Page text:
Wednesday 24 January 2024

Gentle history: TG4's Sloinne tells the stories of Irish surnames

Sloinne, a seven-part series on the origin and heritage of specific Irish surnames (one per episode), launched on TG4 on Sunday evening.

I didn't get to watch it live thanks to Storm Isha and her disruptive blow through, so I was pleased to find it on catch up. As far as I can tell, the series will be freely available to view worldwide; each episode will be released online after its broadcast.

The series will not only explore the surnames themselves but also the history of the areas and locations closely linked to their origins. This will include visits to ancient strongholds connected to the surname, reliving battles and feuds over land possessions, and recalling stories of more recent surname bearers.

Other surnames in the first series will be Murphy (Ó Murchú), Kelly (Ó Ceallaigh), Joyce (Seoighe) and O’Connor (Ó Conchubhair).

Episode One followed Mazz O'Flaherty, a Dingle Record Shop owner, on visits to Loch Hackett and Oughterard in County Galway with historian Adrian Martyn to learn the early history of the O'Flahertys. She then travelled to the Aran Islands with historian Gerry Hanberry, who explained the clan's seafaring and piracy connections and the surname's link with Oscar Wilde. Still on Inis Mór, Mazz's next stop was Kilmurvey House, a fine stone house built by an O'Flaherty in the mid-1800s and now the home of Treasa Hernon Joyce who showed her guest some old O'Flaherty family letters that she'd discovered during lockdown in a trunk under the stairs.

The two women also enjoyed the story of James O'Flaherty whose portrait hangs in the House; he was a friend of Oscar Wilde's father but was known locally as the White Billy Goat, such was his reputation as a gallivanter.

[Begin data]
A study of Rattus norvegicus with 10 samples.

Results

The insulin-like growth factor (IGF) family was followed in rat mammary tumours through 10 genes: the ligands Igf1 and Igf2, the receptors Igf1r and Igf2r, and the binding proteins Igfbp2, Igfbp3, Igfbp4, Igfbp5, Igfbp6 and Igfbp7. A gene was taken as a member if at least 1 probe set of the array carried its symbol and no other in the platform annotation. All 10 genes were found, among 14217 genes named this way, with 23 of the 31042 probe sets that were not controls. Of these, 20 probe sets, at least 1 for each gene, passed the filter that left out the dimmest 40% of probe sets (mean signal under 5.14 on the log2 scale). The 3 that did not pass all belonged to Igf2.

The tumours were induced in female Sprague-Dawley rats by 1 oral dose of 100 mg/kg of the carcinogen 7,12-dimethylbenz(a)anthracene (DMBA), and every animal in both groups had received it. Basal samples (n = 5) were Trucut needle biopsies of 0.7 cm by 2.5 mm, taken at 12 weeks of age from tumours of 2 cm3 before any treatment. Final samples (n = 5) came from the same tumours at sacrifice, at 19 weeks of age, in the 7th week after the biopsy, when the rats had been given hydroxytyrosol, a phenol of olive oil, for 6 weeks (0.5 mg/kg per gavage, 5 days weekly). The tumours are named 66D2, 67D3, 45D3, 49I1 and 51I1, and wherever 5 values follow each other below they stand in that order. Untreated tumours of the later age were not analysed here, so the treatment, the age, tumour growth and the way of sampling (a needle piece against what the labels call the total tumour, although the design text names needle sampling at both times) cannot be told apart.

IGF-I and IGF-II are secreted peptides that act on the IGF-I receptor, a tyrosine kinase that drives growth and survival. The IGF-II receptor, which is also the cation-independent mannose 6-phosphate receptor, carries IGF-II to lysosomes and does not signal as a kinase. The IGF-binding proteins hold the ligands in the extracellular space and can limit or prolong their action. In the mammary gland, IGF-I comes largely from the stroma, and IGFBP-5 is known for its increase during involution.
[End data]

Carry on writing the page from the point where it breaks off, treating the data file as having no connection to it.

The second half of the programme was set in County Kerry. In Killarny, Mazz learned the story of Monsignor Hugh O'Flaherty and how he earned the soubriquet of Scarlet Pimpernel by setting up an escape organisation in Rome during WW2 to helping people fleeing Nazi Germany, and then, through Dr Conor Brosnan she discovered more about her own great great grandfather, John Joe O'Flaherty, a local hero. Finally, she met up with Dingle Druid Juilí Ní Mhaoileoin whose recent research has identified John Joe's grave for the first time.

The episode ran for 50 minutes and it was a slow 50 minutes. I don't mean that as a criticism. Far from it. Unlike certain other genealogical shows that leave the audience exhausted from the stress, rush and perfectly framed moments of emotion along the chosen celebrity's 'journey', Sloinne's more gentle formula of local historians putting the past into a wider context, and pulling out stories of individuals, as well as having a soft genealogical tie-in, was much more relaxing.

I particularly enjoyed listening in to the oral telling of these lives while Mazz and the historians sat at a homely table, on a quay-side wall, or a street bench, rather than gawping at old documents in a climate controlled archive or learned institution and having to race from place to place to force the tale into chronological order. The programme wasn't as slick in presentation as the 'bigger' shows, but it felt much more real... more personal.

I have no O'Flaherty connections and of the other six surnames scheduled to feature in the series, only O'Sullivan appears in my direct ancestral line (as it stands so far). I'll be watching more Sloinne episodes, though.

Sloinne is presented in Irish (Gaeilge) and English. Subtitles can be turned on via a widget below the progress (timer) bar.